Yeah, about that:
We are writing to you today to express our disappointment and frustration with an ongoing permit issue we have had, and our interactions with City Hall.
We are new home owners in the East York area; we have lived here for just over a year. Late in September of 2007, a neighbor’s tree fell over, landing on our detached garage. The garage was effectively destroyed, and we have been trying since October of last year to obtain permits to demolish and re-build the garage exactly as it was.
In our initial visits to City Hall we were informed by the permit-issuing department that we needed to supply plans, so we hired a contractor who supplied us with plans to use.On subsequent visits, we were then told that we needed detailed information on the materials and existing foundation.After several attempts to provide this information to the satisfaction of city officials, our original contractor withdrew stating that he did not expect to be able to find his way through the permit process in a reasonable amount of time.
We found a new contractor in November who advised us to wait until Spring of 2008 to rebuild as he would not be able to work once it began to snow.
In April 2008 our contractor went to the Building Permits Department of City Hall with extensive plans and building material details but was told he needed a site map and survey. We provided him with the survey of our property from 1976. He was told that the City had no record of our garage and that it was built illegally, despite the fact that the garage appears on the 1976 survey taken by the City of Toronto. We were then informed that there now exists a by-law prohibiting more than thirty-five percent of our property to be roofed – if we are to rebuild the garage on the existing undamaged foundation then we would be exceeding this amount. A building permit was not issued and we were told to contact the Building Inspectors to deem our garage unsafe so that we could then demolish and rebuild it.
Our initial contact with the Building Inspectors resulted in no action; they referred us back to the Permits Department, insisting that this was not their area, and that being issued a permit in these instances was entirely routine. After contacting the Permits Department again we were informed that the tree falling on our garage was classified as an “Act of God” and it was the responsibilities of the Building Inspectors. So after contacting the Building Inspectors again and referring to it specifically as an act of god, the inspection was performed.
After the garage was inspected we did not receive any information for two weeks. We were then informed that because we had the side of the garage propped up to keep it from falling over it was not considered an imminent danger. Therefore the Building Inspectors could not issue a demolition order, and that in order for such a thing to be issued, we would need to hire an engineer (at a cost, we were told, of approximately $500) to certify that our our garage is unsafe.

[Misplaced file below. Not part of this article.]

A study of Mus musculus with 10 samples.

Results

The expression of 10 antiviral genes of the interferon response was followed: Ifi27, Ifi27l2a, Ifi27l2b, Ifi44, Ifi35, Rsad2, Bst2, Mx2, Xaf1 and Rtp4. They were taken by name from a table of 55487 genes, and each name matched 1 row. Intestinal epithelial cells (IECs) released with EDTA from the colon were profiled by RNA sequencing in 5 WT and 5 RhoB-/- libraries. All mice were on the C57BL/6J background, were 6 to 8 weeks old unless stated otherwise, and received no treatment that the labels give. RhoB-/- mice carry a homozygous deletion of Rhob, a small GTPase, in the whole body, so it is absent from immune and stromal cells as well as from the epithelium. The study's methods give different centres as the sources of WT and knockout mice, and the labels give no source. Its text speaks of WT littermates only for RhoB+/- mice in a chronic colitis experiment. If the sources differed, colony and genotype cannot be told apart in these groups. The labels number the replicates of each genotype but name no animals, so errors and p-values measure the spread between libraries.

Our garage is currently 20 degrees from true and being propped up to keep it from falling over. We have once again been informed to return to the Permit Division and request a building permit, though it has now been suggested that we do so with a stern voice. No joke, that is the latest suggestion we’ve been given; that the next thing we should try is to yell at City of Toronto desk staff, in the hope that they will relent and give us permission to tear down our crushed one-car garage.
The bureaucracy, the run-around we have been dealing with trying to rebuild a garage that is obviously unsafe is astounding, and the City has made it essentially impossible for us to do things their way. While we appreciate that permits are in place to ensure that buildings are safely constructed to code, we have spent dozens of hours over the course of nine months in repeated attempts to comply with the requests of the Building Division, to do this entirely above-board, and in a few weeks it will be an entire calendar year since we started this process, when our garage was destroyed by a tree that the City of Toronto, ironically, would not allow our neighbors to remove some years ago.
The City of Toronto has, despite ostensible ownership of the tree that caused the damage and the authority to determine the legal status of our garage, taken no responsibility for the cleanup, or for providing us with the least hint of how to proceed. For the last nine months, we’ve looked out our rear window at a destroyed garage that the City has not permitted us to demolish and replace; it gives us no confidence that our tax dollars are being well-spent, or that following the rules and processes we have followed assiduously thus far is the right approach.
We would like, I think reasonably, to be able to tear down and rebuild our garage before the next snowfall. Our circumstances cannot possibly be unique, and we would like to know what next steps we can take to make sure this happens.
Pictures of the tree before it was removed, and the state of the garage now, are here: http://www.flickr.com/photos/mhoye/sets/72157605804868343/
We look forward to your reply,
Michael Hoye and Arlene Chan,
134 Woodmount Avenue, Toronto
(posted and e-mailed)
Just to be clear, I’ve got no problem paying taxes; bridges, roads, sewers, fire trucks, clean-running-water, network effects and not dying in substandard-building cave-ins, I like those things just fine. But this is absurd.